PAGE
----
The Thai National Bank anticipates GDP growth surpassing their predictions, driven by the new government’s economic initiatives, tourism, and consumption growth.
The central bank’s Monetary Policy Committee (MPC) expressed at their previous meeting that they foresee sustained growth in the Thai economy with potential inflationary risks.
The main drivers for this economic growth would be tourism and private consumption, with a projected recovery of goods exports in the latter half of 2023.
The course of China’s economy and policy changes are considered critical factors influencing export and tourism trends, as noted by the MPC.
“Upside factors for growth include foreign tourist arrivals and the new government’s fiscal and economic policies, which could lead to stronger than expected domestic demand, especially in 2024,” the central bank reported in their statement on Thursday.
The Thai National Bank estimates a GDP growth of 3.6% in 2023 and 3.8% in 2024.
The bank predicts a continued robust recovery in the tourism sector, with a rise in foreign arrivals from various countries.
The bank updated its foreign arrival prediction to 29 million for 2023 and 35.5 million for 2024, up from the previous 28 million and 35 million forecast in March.
Private consumption is expected to continue growing, driven by positive shifts in overall employment and labour income, specifically in the service sector and among independent workers who directly profit from the recovery of tourism, as per the bank’s report.
However, there are two factors related to inflation risks.
Firstly, an increase in demand could occur in the context of the growing economy, especially if the tourism recovery or fiscal stimulus under the new government’s economic policies are stronger than anticipated, according to the bank.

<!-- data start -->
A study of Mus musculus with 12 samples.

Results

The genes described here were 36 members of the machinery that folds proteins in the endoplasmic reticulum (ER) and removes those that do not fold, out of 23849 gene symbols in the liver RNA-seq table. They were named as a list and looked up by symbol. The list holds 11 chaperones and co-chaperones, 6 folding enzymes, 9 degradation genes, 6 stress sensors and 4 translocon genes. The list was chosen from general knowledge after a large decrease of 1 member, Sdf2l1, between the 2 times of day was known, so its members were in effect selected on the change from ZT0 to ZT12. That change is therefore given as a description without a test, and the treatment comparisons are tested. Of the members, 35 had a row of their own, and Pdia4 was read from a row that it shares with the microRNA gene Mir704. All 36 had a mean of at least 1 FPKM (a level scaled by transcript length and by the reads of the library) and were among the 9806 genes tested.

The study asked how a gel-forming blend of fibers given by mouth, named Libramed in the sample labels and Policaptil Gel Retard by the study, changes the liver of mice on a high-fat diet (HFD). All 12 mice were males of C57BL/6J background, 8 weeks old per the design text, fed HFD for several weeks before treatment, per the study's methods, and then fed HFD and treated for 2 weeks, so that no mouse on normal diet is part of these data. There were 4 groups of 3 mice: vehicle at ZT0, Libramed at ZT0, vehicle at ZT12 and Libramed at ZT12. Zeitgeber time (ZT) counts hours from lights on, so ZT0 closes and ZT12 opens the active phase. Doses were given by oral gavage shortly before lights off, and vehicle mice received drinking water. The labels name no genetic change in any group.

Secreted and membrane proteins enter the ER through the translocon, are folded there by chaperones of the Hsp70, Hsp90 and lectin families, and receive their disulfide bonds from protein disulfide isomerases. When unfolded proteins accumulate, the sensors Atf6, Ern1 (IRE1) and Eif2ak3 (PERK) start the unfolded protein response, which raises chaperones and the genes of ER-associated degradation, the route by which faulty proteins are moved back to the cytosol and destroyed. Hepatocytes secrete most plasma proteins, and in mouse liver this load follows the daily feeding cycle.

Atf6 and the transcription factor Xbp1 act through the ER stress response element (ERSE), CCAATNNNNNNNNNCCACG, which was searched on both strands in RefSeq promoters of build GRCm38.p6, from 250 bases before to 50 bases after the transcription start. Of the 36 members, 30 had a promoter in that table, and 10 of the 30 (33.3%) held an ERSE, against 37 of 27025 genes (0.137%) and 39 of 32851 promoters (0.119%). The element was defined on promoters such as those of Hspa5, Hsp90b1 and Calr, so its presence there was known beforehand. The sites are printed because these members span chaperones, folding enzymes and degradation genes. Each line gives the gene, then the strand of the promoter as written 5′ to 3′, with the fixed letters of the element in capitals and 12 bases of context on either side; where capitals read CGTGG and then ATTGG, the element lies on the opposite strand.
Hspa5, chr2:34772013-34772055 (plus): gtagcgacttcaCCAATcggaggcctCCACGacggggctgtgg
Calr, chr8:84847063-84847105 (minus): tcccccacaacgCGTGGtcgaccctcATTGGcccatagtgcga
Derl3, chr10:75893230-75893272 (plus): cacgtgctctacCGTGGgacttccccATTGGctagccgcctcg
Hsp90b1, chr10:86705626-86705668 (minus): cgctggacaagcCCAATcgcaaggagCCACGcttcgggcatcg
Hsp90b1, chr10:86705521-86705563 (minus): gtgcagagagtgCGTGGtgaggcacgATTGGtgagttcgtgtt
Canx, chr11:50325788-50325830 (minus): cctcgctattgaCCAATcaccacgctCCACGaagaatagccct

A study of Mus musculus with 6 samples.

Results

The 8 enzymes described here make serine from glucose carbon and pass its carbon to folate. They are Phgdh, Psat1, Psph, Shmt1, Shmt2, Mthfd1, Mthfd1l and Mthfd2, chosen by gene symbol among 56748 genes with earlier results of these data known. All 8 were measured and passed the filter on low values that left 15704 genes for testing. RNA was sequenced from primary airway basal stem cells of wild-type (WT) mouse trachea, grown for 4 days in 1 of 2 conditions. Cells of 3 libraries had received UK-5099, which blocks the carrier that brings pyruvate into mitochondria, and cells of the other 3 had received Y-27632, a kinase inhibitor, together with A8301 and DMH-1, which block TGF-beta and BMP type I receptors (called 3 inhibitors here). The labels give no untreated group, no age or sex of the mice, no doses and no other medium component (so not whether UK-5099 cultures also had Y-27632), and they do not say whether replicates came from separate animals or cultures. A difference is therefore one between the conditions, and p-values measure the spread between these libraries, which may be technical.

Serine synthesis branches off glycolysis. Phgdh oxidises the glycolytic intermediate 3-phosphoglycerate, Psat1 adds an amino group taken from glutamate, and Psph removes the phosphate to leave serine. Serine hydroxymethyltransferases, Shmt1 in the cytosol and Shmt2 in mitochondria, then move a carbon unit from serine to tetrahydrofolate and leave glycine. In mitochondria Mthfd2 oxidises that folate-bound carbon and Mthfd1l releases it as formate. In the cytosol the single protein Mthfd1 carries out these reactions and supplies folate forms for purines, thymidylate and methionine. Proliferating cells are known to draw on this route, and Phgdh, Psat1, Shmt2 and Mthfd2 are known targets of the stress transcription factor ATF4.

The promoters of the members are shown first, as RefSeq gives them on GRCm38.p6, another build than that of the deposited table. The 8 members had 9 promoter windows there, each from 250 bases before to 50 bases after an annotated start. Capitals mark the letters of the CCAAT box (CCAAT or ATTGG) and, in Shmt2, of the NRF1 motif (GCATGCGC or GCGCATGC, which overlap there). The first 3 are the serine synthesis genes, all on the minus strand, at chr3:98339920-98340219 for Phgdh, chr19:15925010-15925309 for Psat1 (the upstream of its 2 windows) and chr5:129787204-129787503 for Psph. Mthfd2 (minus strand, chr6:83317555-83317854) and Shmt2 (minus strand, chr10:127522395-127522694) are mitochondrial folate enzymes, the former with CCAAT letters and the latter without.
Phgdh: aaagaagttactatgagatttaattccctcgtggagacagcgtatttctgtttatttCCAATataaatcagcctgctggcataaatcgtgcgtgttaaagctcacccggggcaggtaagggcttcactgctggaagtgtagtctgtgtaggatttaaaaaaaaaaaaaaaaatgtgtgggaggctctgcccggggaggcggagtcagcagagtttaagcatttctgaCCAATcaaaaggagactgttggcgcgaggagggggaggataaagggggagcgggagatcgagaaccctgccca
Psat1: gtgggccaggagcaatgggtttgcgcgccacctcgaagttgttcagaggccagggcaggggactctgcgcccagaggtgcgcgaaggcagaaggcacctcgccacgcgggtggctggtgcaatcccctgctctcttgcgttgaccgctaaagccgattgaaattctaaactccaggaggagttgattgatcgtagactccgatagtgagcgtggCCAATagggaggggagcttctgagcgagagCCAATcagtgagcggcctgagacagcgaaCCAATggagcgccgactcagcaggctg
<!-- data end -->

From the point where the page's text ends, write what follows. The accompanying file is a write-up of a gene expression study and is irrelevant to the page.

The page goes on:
Secondly, the cost incurred by producers in the past could escalate inflationary pressures.
The MPC recognises that future inflation trends might be partially influenced by new government policies.
Higher minimum wages could potentially lead to price increases for goods.
Linking minimum wage to inflation might further heighten pressure on labour costs and goods prices, possibly triggering a wage-price spiral with potential consequences for long-term price stability, the bank indicated.
Several characteristics of the Thai labour market can mitigate certain risks. One of these is the flexibility provided by the supply of foreign workers and labour mobility.
Additionally, Thai workers generally have lower bargaining power compared to their counterparts in other countries.
The proportion of labour costs in the country also helps reduce risks. For an average business, labour costs only make up about 15% of total production costs.
This relatively small percentage helps limit the impact of labour costs on the business.
Moreover, the share of wage earners in Thailand’s labour force is comparatively small. They account for only 45% of the total, while in developed economies like the US, Germany, and the UK, wage earners make up about 90% of the labour force.
Hence, the potential impact of a minimum wage hike on total demand and the risk of a wage-price spiral should be less significant in comparison to other countries, as stated by the central bank.
The MPC aims to track the effects of the new government’s policies and evaluate their potential inflationary impact, including wage changes, business pricing behaviour, and public mid-term inflation expectations, as detailed in the central bank’s policy report.
The central bank forecasts a headline inflation of 2.5% for 2023 and 2.4% for 2024.
Core inflation is projected to remain stable at 2% for both 2023 and 2024.